Brighton MP criticises ‘unacceptable’ policing of vigils in memory of Sarah Everard

Posted On 15 Mar 2021 at 7:02 pm

Brighton Kemptown MP Lloyd Russell-Moyle has criticised the “unacceptable” policing of vigils held in memory of Sarah Everard who was murdered last week.

Sarah Everard

The Labour MP said on Twitter that not just the Met, but Sussex Police – and Brighton and Hove police – “must have a serious look at themselves”.

His comments came after police in Brighton arrested one person and fined eight others at a vigil in Valley Gardens on Saturday night (13 March).

The next day dozens protested about the handling of the event by the force outside John Street Police Station in Brighton.

But the footage from Clapham Common in London provoked the most outrage, with MPs today (Monday 15 March) saying that the vigil had required sensitivity and a compassionate approach.

It came after a Metropolitan Police officer was charged with abducting and murdering Sarah Everard.

Mr Russell-Moyle said: “This behaviour is just unacceptable. Policeman is accused of murdering a woman. Women ask to organise legal, social distanced vigils. Instead of helping, police decide to beat up the women.”

He also said: “There must be an investigation into Met and some other police forces thuggish actions.

“Sending men in high viz uniforms to beat up women at a vigil that could have been lawful if the Met had followed the advice of the High Court and worked with the women was wrong.

“Sadiq Khan (the mayor of London) was right to not be satisfied by Cressida Dick’s explanation.

“Cressida Dick needs to consider her position because she doesn’t have the trust of the mayor or lawmakers like myself.

“We must, however, make sure all those responsible at every level are held to account.”

Lloyd Russell-Moyle

The Labour MP’s criticisms follow those of Brighton peer Jenny Jones, also known as Baroness Jones of Moulsecoomb.

The first Green member of the House of Lords called for the Metroplitan Police commissioner Cressida Dick to be replaced after the scenes in London.

The Prime Minister Boris Johnson said that he was “deeply concerned” by the scenes in London and Home Secretary Priti Patel ordered an official review by the Chief Inspector of Constabulary.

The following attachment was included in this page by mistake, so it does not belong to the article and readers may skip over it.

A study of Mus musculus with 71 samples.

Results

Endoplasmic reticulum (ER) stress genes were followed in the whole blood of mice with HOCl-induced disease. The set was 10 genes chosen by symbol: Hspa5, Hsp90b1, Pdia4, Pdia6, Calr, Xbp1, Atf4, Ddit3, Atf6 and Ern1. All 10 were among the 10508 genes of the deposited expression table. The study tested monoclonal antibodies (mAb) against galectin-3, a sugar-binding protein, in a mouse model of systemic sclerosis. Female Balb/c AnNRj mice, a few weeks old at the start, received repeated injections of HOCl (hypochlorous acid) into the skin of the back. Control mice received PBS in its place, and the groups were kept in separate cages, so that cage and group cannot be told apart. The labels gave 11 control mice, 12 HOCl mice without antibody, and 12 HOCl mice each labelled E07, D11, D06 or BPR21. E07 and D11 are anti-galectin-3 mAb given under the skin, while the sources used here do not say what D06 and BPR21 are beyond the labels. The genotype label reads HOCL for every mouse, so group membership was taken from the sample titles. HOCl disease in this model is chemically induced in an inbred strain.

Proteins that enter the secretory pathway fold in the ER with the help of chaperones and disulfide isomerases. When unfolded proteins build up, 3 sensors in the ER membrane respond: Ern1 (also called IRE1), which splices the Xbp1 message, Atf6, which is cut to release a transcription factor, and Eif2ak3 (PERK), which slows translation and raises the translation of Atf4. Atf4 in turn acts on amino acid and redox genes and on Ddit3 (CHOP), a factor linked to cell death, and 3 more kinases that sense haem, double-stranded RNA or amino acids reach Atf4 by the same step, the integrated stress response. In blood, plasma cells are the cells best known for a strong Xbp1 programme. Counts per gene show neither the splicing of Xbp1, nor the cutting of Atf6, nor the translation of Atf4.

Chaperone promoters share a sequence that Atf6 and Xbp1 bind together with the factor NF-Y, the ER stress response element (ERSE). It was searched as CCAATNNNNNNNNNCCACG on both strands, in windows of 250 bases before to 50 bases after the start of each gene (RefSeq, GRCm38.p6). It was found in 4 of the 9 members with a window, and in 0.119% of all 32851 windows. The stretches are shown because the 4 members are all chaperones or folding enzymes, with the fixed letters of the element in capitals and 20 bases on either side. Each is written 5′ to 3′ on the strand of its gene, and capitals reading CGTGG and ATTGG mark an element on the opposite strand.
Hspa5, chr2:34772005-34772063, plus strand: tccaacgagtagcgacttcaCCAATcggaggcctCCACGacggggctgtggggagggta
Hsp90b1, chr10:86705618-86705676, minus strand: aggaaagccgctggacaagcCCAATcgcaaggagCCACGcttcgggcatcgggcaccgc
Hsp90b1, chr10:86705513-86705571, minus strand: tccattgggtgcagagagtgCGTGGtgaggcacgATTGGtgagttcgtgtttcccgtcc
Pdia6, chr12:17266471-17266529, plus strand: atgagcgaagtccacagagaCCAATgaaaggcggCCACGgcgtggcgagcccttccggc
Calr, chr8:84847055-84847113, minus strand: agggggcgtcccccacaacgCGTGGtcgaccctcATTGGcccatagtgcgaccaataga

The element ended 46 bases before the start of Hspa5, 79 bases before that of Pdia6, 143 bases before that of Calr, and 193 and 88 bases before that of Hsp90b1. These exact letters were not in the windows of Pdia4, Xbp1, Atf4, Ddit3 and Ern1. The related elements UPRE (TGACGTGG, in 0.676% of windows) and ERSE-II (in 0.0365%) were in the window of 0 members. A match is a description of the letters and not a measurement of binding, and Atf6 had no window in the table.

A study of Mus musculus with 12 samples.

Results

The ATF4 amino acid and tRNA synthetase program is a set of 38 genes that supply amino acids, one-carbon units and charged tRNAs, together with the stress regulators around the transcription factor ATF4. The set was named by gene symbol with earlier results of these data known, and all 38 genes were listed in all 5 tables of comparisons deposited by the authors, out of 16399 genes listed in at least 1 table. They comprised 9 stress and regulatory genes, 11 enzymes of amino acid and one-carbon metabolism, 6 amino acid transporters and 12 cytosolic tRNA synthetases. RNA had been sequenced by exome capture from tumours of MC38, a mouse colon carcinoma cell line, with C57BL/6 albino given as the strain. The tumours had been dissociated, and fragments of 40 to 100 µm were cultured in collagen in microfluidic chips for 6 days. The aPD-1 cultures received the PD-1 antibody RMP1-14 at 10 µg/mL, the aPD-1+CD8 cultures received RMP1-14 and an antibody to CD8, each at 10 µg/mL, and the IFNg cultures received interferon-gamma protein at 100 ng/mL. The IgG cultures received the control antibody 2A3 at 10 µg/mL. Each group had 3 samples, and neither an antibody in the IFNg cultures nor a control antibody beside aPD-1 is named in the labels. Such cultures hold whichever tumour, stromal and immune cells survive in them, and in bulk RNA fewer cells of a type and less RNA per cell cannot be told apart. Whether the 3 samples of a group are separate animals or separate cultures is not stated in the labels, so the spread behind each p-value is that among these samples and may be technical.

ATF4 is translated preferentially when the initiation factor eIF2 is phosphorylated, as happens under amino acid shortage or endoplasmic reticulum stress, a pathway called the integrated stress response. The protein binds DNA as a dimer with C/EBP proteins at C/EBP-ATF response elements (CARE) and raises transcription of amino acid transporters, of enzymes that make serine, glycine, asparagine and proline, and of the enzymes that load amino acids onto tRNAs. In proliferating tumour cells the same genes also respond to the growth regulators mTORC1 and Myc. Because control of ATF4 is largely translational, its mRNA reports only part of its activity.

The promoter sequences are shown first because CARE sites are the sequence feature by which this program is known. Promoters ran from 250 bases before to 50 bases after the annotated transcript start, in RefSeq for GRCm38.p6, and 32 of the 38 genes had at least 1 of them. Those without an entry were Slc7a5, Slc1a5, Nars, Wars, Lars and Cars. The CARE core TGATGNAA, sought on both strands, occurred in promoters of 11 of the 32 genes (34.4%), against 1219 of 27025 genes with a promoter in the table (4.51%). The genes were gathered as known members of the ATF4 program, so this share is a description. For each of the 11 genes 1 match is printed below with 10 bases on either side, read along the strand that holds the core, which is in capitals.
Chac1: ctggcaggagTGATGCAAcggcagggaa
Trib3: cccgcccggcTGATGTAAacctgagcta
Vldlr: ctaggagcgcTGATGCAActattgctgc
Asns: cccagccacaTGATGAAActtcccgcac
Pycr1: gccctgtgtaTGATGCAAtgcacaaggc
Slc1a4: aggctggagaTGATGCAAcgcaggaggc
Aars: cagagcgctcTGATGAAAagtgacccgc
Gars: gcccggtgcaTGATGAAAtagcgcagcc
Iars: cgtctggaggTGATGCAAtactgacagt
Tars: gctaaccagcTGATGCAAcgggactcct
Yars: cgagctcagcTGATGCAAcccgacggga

Sussex police and crime commissioner Katy Bourne said that she had spoken to Sussex chief constable Jo Shiner after the events in Brighton.

Peaceful vigils, without arrests, were held in other parts of the country, and police chiefs were summoned to a meeting today in light of the coverage of events in London in particular.

One senior police figure said that public gatherings during the coronavirus pandemic had meant that those on the ground were face with incredibly hard decisions.

He said that when it came to dispersing crowds, they were damned if they did and damned if they didn’t.

Katy Bourne

Mrs Bourne said yesterday (Sunday 14 March): “The entire country has been heartbroken by the tragedy of Sarah Everard’s death.

“We all know the harrowing statistics around violence against women and girls and the shocking revelations over the last few days have sparked conversations focused on female safety.

“However, our concern and outrage will not protect us from covid which remains a very real threat to everybody’s safety.

“I have already spoken to the chief constable to better understand the policing of last night’s gathering and am reassured to learn that the majority of people present adhered to the rules that have helped drive covid levels down.

“It is also worth recognising that, throughout this pandemic, local residents have told me that they feel reassured with the … approach that Sussex Police have continually applied.

“Let us now allow the family of Sarah to mourn their loss, let us express our own sorrow and anger proportionately and let justice take its course.”

  1. Dirk Mitchell Reply

    The covid virus does not care why people gather together, regardless of the cause. Football crowds are still not safe for the very same reason..it isn’t safe to meet together in large numbers. Sorry but I support the police action on this one. The cause is a great one but to call large numbers together shows just how little many of these people regard the pandemic. How ironic if they catch the virus and it later transmits to someone who becomes seriously ill or dies? Does their ignorance defend their actions? A socially distant form of support should have been organised rather than a gathering of large numbers of people.

  2. m warden Reply

    totally agree with the comments above the police have a difficult job to do in brighton as it is dont forget also the police have not had there covid jabs yet.